MARY HULSE STILL ALIVE.

Recovers From Shock of Bullet, but
Blood Poisoning Is Feared.

Late last night Mrs. Mary Hulse, who shot herself twice in the left lung at her home, 3829 Dickson street, Friday afternoon, was still living, although the chance for her recovery was small. The doctors say that the shock of the wounds has been overcome, but that the main danger to be overcome is blood poisoning. For a time they considered stimulating the wounded woman's system by means of a transfusion of a saline solution into her circulation, but the operation was abandoned as unnecessary. Both bullets have been taken from the wounds.


WROTE LOVING LINES
THEN SHOT HERSELF.

MRS. MARY HULSE SEEKS DEATH
AS RELEASE FROM ILLNESS.

Powder From First Bullet Sets Fire
to Her Clothes and After Extin-
guishing Blaze Shoots a
Second Time.

"I wanted to kiss you all at the table good-by, and I knew I couldn't, for you would mistrust something," wrote Mrs. Mary Hulse of 3839 Dickson street to her husband and children yesterday afternoon just before she shot herself twice in the left breast with a revolver, barely two hours after dinner time, when all the members of the family ate what was probably their last meal together. Despondency over continued ill health led to the act, and the doctors hold out no hope for her recovery. Both bullets penetrated the left lung.

Edna, the 15-year-old daughter of the woman, was in the back yard when she heard the first shot fired. She thought it was a door slamming in one of the upstairs bedrooms, but when she went in to ascertain she heard her mother groaning in her room, and as she ran up the stairway the woman cried out: "I am dying; send to the store for Annie!"

SHOT HERSELF SECOND TIME.

As she spoke she lay on the bed with the revolver beside her, trying to put out the fire which the front part of her dress had caught from the flashing powder. The terror-stricken girl did not think to snatch the smoking revolver from the bed, but ran to the store of I. E. Early, a block or so away on East Fifteenth street, where her eldest sister, who is 17 years of age, is employed. Before the two girls got back neighbors heard a second shot, and when the daughters reached their mother's room she lay bleeding and in a dying condition on the bed. The husband, who works in a brickyard at Askew and Seventeenth streets, and Drs. A. R. Greelee and W. L. Campbell were summoned and everything possible was done, but there is little doubt but that the wounds will prove fatal.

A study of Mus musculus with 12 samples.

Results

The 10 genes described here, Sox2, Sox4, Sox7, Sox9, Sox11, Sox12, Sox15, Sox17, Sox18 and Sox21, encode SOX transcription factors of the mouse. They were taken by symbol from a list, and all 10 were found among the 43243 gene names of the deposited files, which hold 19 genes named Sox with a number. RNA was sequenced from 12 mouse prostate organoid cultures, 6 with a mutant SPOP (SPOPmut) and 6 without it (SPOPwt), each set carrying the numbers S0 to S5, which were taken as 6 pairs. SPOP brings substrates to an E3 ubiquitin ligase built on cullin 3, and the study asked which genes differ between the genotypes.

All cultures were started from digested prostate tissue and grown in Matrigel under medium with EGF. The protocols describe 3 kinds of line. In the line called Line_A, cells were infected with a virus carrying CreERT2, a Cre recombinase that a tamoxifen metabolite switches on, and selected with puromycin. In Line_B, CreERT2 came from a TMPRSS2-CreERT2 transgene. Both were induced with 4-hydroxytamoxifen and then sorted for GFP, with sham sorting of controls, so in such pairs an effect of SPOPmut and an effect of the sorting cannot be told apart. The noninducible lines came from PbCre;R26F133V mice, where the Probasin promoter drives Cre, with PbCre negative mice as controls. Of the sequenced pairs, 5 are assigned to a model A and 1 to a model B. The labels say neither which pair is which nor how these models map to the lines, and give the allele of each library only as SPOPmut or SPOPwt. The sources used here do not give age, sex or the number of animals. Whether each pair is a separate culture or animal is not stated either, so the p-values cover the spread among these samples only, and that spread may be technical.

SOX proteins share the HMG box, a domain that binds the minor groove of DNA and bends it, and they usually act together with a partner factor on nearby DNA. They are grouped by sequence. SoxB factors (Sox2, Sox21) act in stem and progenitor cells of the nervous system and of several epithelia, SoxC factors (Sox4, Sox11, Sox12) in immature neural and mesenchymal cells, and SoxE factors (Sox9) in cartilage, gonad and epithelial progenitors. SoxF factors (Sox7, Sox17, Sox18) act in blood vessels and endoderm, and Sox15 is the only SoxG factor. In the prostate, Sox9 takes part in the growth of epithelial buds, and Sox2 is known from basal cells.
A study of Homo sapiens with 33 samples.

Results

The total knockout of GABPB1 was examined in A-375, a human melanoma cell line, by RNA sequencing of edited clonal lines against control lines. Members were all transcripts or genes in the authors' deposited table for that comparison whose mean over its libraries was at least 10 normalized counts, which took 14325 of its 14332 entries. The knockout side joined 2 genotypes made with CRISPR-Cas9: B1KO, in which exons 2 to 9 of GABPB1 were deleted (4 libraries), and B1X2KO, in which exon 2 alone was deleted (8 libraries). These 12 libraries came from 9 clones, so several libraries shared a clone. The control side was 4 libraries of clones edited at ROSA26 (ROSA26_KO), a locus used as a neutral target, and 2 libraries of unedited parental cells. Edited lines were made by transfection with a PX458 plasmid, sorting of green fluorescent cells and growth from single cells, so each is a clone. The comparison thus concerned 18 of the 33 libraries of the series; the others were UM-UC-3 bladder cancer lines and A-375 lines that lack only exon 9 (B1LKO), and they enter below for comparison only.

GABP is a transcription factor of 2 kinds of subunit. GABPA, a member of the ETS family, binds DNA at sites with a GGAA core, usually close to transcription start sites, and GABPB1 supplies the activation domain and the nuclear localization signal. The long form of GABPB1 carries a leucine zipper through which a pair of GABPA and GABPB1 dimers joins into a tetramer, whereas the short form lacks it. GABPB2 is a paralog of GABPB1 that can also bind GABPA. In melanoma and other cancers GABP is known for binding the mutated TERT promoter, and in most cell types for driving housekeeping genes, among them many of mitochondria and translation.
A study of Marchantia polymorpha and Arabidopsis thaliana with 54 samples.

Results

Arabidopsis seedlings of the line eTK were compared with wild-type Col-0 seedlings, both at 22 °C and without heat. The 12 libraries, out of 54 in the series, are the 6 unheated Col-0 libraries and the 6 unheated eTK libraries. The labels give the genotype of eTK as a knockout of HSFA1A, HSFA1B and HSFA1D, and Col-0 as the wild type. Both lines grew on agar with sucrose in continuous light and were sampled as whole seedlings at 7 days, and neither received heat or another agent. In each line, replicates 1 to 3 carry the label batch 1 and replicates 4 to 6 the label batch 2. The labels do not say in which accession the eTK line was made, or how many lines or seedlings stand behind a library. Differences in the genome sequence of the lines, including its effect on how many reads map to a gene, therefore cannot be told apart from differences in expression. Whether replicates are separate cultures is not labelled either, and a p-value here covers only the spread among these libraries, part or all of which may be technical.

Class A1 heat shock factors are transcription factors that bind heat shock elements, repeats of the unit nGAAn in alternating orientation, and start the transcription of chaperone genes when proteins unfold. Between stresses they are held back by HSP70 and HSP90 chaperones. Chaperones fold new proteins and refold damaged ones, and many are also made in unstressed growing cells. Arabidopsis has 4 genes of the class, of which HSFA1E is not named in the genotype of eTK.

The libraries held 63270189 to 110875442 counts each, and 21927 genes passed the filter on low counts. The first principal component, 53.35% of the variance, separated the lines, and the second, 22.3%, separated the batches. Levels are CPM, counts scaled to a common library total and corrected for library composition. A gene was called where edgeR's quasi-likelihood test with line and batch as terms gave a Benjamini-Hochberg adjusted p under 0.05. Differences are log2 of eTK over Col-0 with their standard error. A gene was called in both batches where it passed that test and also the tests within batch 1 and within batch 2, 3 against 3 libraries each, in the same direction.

LETTERS OF FAREWELL.

In an envelope sealed and addressed to her husband she wrote her farewell to him and her children. Even after she had sealed it she wrote expressions of affectionate leave taking. On the outside she wrote:

"My Dear Jim and My Dear Children: -- I have to leave you. I can not stand my suffering any longer. Hope you can keep the children together. I know you will if it is so you can, and I do hope you can get steady work for our dear children's sake. My sickness is too much; I can't stand it any longer. See about the insurance.

"Jim, my darling, you have done all that any one could do for me, and I thank Dr. Lowery and Dr. Doyle for their kindness. I wanted to kiss you all at the table good-by, but I knew you would mistrust something. I want you all to forgive me. Annie and Edna, be good girls and be good to little Ruth and Albert. Mind your father. Good-by to all.

"YOUR LOVING WIFE AND MOTHER."

Mrs. Hulse is 32 years old, and her husband said yesterday that she had been in ill health for ten years. There are two other smaller children, Albert and Ruth, aged 12 and 9. The family moved to Kansas City from Ottawa, Kas., three years ago.